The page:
AUGUSTA — Maine’s elver season will start two weeks late to give the state time to implement an emergency law passed Tuesday by the Legislature that gives it more authority over the industry.
The law, sponsored by Rep. Walter Kumiega, D-Deer Isle, co-chairman of the Legislature’s Marine Resources Committee, was approved unanimously in the House and Senate. It was a quick, quiet passage for the bill after a tenuous few months that saw Maine Indian tribes calling it discriminatory.
By Tuesday, tension had cooled on the issue of the glassy, baby American eels, a delicacy in Japan, where the domestic elver market tanked after a 2011 tsunami, driving up prices from $25 per pound toward $2,000 per pound in Maine, one of two American states that allow elver fishing.
The law allows the Maine Department of Marine Resources to establish an annual weight quota for the elver harvest, allocating individual quotas to harvesters of the eels.
After concern over the fishery’s health from the Atlantic States Marine Fisheries Commission, Maine already has agreed to slash its total 2014 elver catch by 35 percent from last year’s, to nearly 11,750 pounds. Another law passed this year allows a swipe-card system for fishermen that will yield daily reporting data and make illegal harvesting more difficult, according to the commission.
Peter Steele, a spokesman for Gov. Paul LePage, said the department was pushing the season back from its normal start date of March 22 to April 5 in order to implement elements of those new laws. The limit is expected to affect the catch more than the length of the season.
Darrell Young, a fisherman from Waltham in Hancock County who founded the Maine Elver Fisherman Association, said cold temperatures are expected to delay the eels’ arrival in freshwater brooks.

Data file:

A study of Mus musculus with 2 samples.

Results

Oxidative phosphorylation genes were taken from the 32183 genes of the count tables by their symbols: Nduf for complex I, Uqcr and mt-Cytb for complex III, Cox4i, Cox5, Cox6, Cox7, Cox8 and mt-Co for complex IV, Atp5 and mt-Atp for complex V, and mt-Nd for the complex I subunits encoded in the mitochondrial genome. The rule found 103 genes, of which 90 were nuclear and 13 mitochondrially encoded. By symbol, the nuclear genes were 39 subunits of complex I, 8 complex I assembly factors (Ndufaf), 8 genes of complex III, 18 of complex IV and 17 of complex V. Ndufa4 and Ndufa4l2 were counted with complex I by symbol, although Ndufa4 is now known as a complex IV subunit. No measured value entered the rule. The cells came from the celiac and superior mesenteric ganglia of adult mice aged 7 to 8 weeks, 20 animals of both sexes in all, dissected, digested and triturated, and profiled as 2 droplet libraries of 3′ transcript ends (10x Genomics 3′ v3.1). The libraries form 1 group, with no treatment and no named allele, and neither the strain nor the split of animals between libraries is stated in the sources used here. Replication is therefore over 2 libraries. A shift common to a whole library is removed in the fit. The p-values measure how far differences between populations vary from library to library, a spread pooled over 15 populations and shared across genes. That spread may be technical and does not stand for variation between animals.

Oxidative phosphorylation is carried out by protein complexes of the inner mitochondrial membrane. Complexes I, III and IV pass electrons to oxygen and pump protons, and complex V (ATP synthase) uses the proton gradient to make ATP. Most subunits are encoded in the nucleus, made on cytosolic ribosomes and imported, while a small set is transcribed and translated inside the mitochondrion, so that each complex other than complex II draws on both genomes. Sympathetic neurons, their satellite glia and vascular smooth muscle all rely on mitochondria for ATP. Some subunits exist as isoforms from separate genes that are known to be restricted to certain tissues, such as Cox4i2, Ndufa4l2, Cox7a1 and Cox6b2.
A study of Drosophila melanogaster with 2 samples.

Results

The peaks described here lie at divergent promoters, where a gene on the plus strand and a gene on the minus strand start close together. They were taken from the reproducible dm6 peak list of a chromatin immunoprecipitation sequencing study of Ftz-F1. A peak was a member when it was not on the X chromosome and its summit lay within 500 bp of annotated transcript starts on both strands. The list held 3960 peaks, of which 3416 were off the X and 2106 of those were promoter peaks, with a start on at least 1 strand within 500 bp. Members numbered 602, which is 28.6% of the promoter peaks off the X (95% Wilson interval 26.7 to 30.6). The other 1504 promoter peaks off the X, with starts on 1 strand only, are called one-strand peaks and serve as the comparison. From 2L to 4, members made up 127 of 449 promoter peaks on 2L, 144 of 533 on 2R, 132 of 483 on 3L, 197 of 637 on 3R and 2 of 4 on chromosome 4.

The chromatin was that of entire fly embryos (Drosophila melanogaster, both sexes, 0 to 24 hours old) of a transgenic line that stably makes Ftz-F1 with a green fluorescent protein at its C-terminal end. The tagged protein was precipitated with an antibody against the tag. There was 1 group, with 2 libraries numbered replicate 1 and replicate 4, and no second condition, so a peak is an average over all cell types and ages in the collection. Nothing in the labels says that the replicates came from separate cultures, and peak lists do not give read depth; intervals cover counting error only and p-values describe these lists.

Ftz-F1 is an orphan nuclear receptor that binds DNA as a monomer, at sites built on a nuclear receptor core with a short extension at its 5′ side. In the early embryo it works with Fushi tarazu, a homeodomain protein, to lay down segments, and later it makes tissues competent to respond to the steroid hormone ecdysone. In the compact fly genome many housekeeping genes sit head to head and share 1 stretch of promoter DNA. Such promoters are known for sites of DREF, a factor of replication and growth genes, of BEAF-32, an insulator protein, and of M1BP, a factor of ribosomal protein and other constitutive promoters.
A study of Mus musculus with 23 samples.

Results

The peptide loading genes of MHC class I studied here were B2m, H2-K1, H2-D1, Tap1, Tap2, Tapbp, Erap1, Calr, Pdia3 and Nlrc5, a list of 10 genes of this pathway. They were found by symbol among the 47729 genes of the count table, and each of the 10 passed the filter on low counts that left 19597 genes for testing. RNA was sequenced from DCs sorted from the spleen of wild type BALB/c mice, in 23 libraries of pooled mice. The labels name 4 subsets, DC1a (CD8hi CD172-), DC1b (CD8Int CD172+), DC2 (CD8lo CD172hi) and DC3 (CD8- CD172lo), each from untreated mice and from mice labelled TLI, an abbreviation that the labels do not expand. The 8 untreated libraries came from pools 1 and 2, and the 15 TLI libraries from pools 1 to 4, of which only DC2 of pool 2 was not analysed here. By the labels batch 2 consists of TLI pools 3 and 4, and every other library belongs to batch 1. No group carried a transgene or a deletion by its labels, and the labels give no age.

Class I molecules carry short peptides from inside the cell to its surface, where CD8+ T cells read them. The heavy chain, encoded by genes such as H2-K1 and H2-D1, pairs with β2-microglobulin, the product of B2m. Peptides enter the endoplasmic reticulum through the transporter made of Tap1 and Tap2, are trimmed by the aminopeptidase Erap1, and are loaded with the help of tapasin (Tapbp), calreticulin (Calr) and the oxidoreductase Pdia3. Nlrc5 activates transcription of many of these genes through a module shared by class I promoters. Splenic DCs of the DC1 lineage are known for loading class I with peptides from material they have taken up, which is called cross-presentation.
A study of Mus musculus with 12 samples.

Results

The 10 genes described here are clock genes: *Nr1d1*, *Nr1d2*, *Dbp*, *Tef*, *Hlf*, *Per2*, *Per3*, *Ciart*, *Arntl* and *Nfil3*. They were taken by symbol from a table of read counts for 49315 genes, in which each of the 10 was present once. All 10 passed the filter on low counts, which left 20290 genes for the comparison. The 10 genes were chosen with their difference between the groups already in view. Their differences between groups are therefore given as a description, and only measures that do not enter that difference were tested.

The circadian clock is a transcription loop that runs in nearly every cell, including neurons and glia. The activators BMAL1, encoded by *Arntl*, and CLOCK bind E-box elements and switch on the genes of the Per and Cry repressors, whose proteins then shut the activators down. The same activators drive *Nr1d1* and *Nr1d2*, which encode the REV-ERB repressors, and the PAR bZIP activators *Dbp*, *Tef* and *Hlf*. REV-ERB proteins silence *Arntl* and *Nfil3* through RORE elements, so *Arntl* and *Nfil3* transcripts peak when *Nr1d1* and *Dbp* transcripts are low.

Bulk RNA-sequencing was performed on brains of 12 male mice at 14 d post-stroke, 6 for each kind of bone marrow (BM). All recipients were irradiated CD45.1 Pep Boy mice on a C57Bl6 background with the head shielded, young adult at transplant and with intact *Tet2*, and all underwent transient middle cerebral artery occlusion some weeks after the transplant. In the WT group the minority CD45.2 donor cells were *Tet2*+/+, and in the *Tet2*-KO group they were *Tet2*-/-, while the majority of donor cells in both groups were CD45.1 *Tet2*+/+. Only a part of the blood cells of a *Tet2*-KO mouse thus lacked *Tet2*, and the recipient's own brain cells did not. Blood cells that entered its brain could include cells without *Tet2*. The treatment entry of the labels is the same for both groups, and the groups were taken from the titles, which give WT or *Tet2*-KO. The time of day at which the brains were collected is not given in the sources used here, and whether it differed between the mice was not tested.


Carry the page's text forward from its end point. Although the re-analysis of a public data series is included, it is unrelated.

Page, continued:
“I don’t think they’re going to come screaming up the brook, by any means,” Young said.
The law also directs the department to divide a share of the overall quota among Maine’s four federally recognized tribes, which will allocate the alloted amount of elvers to each tribal fisherman. Rep. Henry John Bear, of the Houlton Band of Maliseet Indians, which said it got 16 licenses in 2013, said the bill recognized “the sovereignty and the capacity of the tribes” when it comes to the elver fishery.
Over the past year, Maine officials have sparred with tribes, particularly the Passamaquoddys, about the lucrative fishery, after Marine Resources Commissioner Patrick Keliher said the tribe violated state law by selling more elver licenses than it was allowed, threatening the fishery.
That led to the bill, which drew the LePage administration’s support after the fisheries value dipped $7 million in 2013 after a stronger 2012, when Maine’s 19,000-pound elver haul was worth nearly $40 million, making the fishery Maine’s second-most valuable, after lobster.
The bill passed Tuesday is far less radical than its initial version, which would have made elver licenses issued by the tribes invalid unless approved by the Department of Marine Resources. Before the committee in January, tribal representatives called that version of the bill discriminatory. Even as approved, the bill would create a new crime, making assisting in the illegal harvest of elvers a misdemeanor.
That element led to opposition from the American Civil Liberties Union of Maine, with Penobscot Chief Kirk Francis telling the committee that provision could criminalize sustenance fishing.
When the Passamaquoddy Tribe issued 575 licenses last year, well above the state limit of 200, marine officers issued court summonses to fishermen. However, district attorneys said that they couldn’t prosecute because tribe members assumed their licenses were valid because the tribe had certified them.
Bear said the law will need to be worked on in future years to adjust to the fishery, but it protects the elver market for the short term.
“We’re going to have a real good fishery into the future. It may not last forever,” Bear said, “but while it lasts, let’s go fishing.”